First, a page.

Modi a ‘calculated risk,’ says Indian business leader: CNN
| May 19, 2014 - 00:00
India is taking a “calculated risk” with the election of Narendra Modi as prime minister, Indian business leader and public intellectual Gurcharan Das told CNN’s Christiane Amanpour on Monday.
“It’s obviously a risk you take when you bring in a strong person. But I believe that India has enough constraints of a pugnacious press, a fiercely independent judicial system, and a disobedient people, that I think the chances of getting a dictator are diminished as a result of some of these.”
Modi, leader of the Bharatiya Janata Party, claimed victory in a landslide election last Friday. He has drawn praise for the economic revitalization of Gujarat, his home state, but criticism over his Hindu nationalism and alleged role in anti-Muslim mob violence a decade ago, when he was chief minister of Gujarat.
Das voted for Modi, but says the decision “took a lot of agonizing.”
“I feel he’s grown. I hope he has grown. And I feel we are taking a risk, but it’s a calculated risk that the country is taking.”
The potential benefit of that risk, according to Das, is an economic kick-start for India.
The country has seen lacklustre GDP growth, for a developing country, at just under five percent annualized growth in 2013. That is far less, for example, than China’s 7.7% last year.
Modi, Das told Amanpour, is the country’s “best chance” to revive growth.
“His core competence is the ability to implement, to get things done. Indians are big talkers, but they are not big doers.
“And for the first time I think we have a person who is a genuine – who is a leader in that sense that he monitors projects, that he gets into the messy details. He motivates people. He encourages people. And then he holds them accountable.”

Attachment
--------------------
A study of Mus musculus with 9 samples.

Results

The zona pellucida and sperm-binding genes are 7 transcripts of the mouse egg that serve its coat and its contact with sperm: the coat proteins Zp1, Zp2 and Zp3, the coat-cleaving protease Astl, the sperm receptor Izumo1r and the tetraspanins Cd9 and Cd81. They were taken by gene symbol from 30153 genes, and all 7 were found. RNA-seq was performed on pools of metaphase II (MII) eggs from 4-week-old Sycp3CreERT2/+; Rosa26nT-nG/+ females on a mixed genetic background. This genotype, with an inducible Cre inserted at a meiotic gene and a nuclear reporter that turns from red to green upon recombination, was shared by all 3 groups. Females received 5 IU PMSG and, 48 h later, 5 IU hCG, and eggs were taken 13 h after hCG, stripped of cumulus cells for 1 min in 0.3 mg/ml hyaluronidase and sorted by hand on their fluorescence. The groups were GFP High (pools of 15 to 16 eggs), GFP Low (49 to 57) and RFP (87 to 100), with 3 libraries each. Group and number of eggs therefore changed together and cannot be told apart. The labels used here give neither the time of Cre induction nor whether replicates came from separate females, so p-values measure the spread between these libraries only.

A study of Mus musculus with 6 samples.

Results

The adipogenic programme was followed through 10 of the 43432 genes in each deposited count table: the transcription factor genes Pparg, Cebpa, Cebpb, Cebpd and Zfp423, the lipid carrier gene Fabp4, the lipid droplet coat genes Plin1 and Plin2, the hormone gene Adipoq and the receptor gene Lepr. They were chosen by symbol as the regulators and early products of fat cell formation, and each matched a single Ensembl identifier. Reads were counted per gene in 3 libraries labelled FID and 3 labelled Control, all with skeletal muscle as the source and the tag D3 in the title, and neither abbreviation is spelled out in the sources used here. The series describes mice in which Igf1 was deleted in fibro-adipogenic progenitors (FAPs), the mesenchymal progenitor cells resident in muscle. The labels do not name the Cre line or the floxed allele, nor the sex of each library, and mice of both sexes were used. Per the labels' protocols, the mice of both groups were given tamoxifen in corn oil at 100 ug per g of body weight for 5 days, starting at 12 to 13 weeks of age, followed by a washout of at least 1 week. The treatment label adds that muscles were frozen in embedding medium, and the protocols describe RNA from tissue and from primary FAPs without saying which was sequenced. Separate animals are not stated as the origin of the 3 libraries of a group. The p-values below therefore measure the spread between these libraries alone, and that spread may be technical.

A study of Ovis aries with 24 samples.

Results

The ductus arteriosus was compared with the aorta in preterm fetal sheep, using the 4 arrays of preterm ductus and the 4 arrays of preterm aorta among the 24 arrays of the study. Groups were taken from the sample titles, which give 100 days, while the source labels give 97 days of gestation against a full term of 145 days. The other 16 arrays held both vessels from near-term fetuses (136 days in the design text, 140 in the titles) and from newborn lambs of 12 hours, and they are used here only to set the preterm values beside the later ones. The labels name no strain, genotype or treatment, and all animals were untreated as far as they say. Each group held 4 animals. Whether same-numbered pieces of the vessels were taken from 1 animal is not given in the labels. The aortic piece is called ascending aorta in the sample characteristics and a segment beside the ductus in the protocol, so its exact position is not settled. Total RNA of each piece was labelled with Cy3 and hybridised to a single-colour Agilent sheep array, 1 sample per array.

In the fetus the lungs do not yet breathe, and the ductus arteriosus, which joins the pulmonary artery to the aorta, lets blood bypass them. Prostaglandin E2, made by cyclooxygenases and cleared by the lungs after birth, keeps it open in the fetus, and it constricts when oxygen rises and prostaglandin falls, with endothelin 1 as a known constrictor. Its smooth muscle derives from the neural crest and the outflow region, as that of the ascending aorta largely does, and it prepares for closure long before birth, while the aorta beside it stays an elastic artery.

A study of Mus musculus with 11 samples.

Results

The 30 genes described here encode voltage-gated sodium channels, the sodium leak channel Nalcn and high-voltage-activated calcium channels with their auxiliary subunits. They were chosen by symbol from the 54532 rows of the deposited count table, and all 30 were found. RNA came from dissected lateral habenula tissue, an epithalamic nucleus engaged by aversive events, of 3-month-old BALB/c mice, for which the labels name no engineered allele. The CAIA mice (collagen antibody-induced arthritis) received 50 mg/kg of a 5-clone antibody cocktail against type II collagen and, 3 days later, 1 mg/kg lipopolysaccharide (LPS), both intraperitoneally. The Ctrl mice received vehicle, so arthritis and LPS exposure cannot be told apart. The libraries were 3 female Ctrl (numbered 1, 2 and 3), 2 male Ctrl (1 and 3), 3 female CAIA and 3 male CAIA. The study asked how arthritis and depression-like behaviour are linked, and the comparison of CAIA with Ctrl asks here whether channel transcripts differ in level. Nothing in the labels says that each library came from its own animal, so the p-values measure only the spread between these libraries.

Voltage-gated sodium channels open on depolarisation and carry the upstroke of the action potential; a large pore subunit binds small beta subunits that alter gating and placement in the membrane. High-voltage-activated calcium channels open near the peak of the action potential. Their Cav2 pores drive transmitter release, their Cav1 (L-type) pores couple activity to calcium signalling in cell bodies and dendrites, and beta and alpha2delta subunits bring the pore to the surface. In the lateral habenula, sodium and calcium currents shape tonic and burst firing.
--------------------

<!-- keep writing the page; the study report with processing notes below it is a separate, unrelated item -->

India’s major problem is that government is “all gummed up,” Das said.
“There are hundreds and hundreds of projects that are paralyzed and stopped because of various reasons. And so just doing that itself, without major reforms, just getting things done, I think, will get the economy kick-started.”
Looming over the excitement remains Modi’s role in Gujarat’s late-2001 violence. He was critized for not doing enough to stop the violence, in which more than 1,000 people – mostly Muslims – were killed.
A Supreme Court-ordered investigation absolved him of blame last year. Modi subsequently expressed regret over the riots but was criticized for not apologizing.
Apologizing, Das said, would be the “wise” and “magnanimous” thing to do.
“In his very first speech, he said that he’s a leader of all Indians. But he needs to go further. And this is why, frankly, I agonized about voting for him.”
“I feel that perhaps he – that he has changed,” Das said. “Gujarat used to have a riot every year. For the last ten years…there’s been no riot.”
The threat India faces, Das said, is not China, nor long-time rival Pakistsan.
“The threat is that the Muslim minority of India has been…the least fundamentalized Muslim minority in the world, and we’d like to keep it that way. And let’s hope he [Modi] doesn’t do anything that would change that.”